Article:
New Research Unlocks Potential Rootstock Has in Nutrient-Saturated Soils
The success of any crop is highly dependent upon the soil in which it’s grown. Throughout history, the government has taken steps to help farmers understand their land and soil conditions to be successful growers. In 1899, the USDA’s Division of Soils began to conduct soil surveys across the country. Today this work is done under the Natural Resources Conservation Service.
U.S. soil textures vary widely, from sandy to rocky to heavy clay. Soil chemistry also varies when it comes to components like sodium, chloride, or boron. While these are important nutrients, excessive amounts can be detrimental to some crops, such as almonds.
Almonds are one of the leading crops in California’s Yolo County. But some areas have especially high boron levels due to sediments left behind from the state’s geographical history. These sediments settled in land that was once covered by ocean, and rainfall has carried them into Yolo County and other parts of the Central Valley.
Too much boron — generally 1 ppm or more — can ‘clog up the pipes’ in plants. Boron can interact with sugar in almond trees and form a gelatin-like substance that can build up and rupture at branching points. The substance accrues to form wounds that resemble gumballs, in which fungus can settle, grow, and infect the tree.
But University of California Cooperative Extension (UCCE) researchers have found that some almond rootstocks can withstand these high boron levels better than others, says UCCE Orchard Systems Advisor Katherine Jarvis-Shean.
Much Mixing and Matching
Jarvis-Shean’s predecessor, Carolyn DeBuse, saw the issues with almond growing in Yolo County and launched almond rootstock trials to find which fared best in soil with a high boron level. Jarvis-Shean has been leading the trial since 2014.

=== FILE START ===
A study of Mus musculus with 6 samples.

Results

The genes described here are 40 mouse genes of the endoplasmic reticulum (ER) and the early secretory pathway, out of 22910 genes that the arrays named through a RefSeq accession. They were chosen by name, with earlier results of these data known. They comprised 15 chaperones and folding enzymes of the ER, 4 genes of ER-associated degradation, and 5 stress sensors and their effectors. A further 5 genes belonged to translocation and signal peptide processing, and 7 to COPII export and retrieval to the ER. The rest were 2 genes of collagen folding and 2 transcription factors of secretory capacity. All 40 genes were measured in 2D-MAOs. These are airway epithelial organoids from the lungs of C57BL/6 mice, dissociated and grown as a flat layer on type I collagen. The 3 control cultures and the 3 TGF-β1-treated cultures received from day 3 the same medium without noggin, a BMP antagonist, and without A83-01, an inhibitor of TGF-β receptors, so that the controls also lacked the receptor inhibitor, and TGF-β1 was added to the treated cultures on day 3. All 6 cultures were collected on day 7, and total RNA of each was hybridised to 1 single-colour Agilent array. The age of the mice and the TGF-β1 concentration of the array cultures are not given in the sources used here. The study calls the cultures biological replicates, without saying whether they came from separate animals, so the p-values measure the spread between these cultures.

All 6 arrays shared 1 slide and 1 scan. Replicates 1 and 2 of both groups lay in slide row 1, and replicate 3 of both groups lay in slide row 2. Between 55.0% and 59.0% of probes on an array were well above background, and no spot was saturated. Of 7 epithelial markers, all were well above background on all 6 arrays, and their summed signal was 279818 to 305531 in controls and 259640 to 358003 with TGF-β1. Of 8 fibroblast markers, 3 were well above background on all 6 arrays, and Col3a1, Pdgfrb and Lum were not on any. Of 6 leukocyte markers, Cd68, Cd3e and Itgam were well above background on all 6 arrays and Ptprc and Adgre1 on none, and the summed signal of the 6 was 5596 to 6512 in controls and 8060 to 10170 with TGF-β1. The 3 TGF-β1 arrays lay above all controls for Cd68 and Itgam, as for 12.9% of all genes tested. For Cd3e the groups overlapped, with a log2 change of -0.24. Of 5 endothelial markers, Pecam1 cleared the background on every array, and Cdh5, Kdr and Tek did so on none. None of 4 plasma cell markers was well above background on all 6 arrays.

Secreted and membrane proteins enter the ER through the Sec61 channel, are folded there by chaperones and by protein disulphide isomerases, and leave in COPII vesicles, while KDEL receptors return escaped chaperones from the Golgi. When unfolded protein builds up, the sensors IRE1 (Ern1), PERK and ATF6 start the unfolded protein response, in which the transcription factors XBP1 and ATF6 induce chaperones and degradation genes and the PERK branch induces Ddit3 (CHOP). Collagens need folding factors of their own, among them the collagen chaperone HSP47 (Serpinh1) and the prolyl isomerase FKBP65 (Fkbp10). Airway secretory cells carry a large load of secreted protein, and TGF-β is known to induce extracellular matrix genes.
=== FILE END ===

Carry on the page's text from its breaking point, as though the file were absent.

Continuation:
“Almonds are really interesting in that they are closely related to other stone fruits like peaches, apricots, and plums,” she says. “So, we can cross many stone fruit rootstocks to make a hybrid and try to get the qualities we like from both parents.So, there are a lot of options for almond farmers.”
Various stone fruits come from different ecosystems and so have developed unique genetic strengths. An almond rootstock could be crossed with a peach rootstock or another stone fruit that’s more apt to growing in high boron areas. An almond scion also can be added to non-almond rootstocks.
Jarvis-Shean experimented with rootstocks in Yolo County in silty clay soil, with boron levels between 1 and 3 ppm. She studied a number of common peach and almond hybrids that generate vigorous trees: FxA, Titan, Nickels, Brights 5, and Hansen 536.
She also included Viking, a complex hybrid of four different trees including peach, almond, myro (wild) plum and apricot; Rootpac-R, a hybrid of myro plum and almond; Krymsk 86, a hybrid of myro plum and peach; and Lovell, which is pure peach.
No Leaf Sampling for Boron
The trees were planted in 2011, and their health and yield have been evaluated every year. Unlike most plant species, plants in the Prunus genus accumulate boron in the fruit.
Leaf boron levels are not a good indicator of toxicity in almonds. Instead, boron is measured in the hulls at harvest. Boron conditions are considered toxic if hull boron accumulates above 300 ppm.
“It’s a little tricky because rootstocks that have plum generally make smaller trees,” she says. “Trees on a peach-almond rootstock also generally make larger trees, whether there’s a lot of boron present or not. We’ve had to decipher if the trees are smaller because of the boron toxicity or if that’s their genetic predisposition.”
But Jarvis-Shean was able to draw some conclusions. Out of the trees on peach-hybrid rootstocks, FxA, Titan, Nickels, and Brights 5 produced the most yielding trees under high boron conditions. Lovell and Krymsk 86 performed the worst and yielded the lowest, which she says made scientific sense because neither rootstock included any almond heritage.
“The big takeaway is that rootstocks with some almond parentage do better in high-boron soils than those without any almond genetic background,” she says. “But that leaves a lot of tools in the toolbox for almond rootstock options.”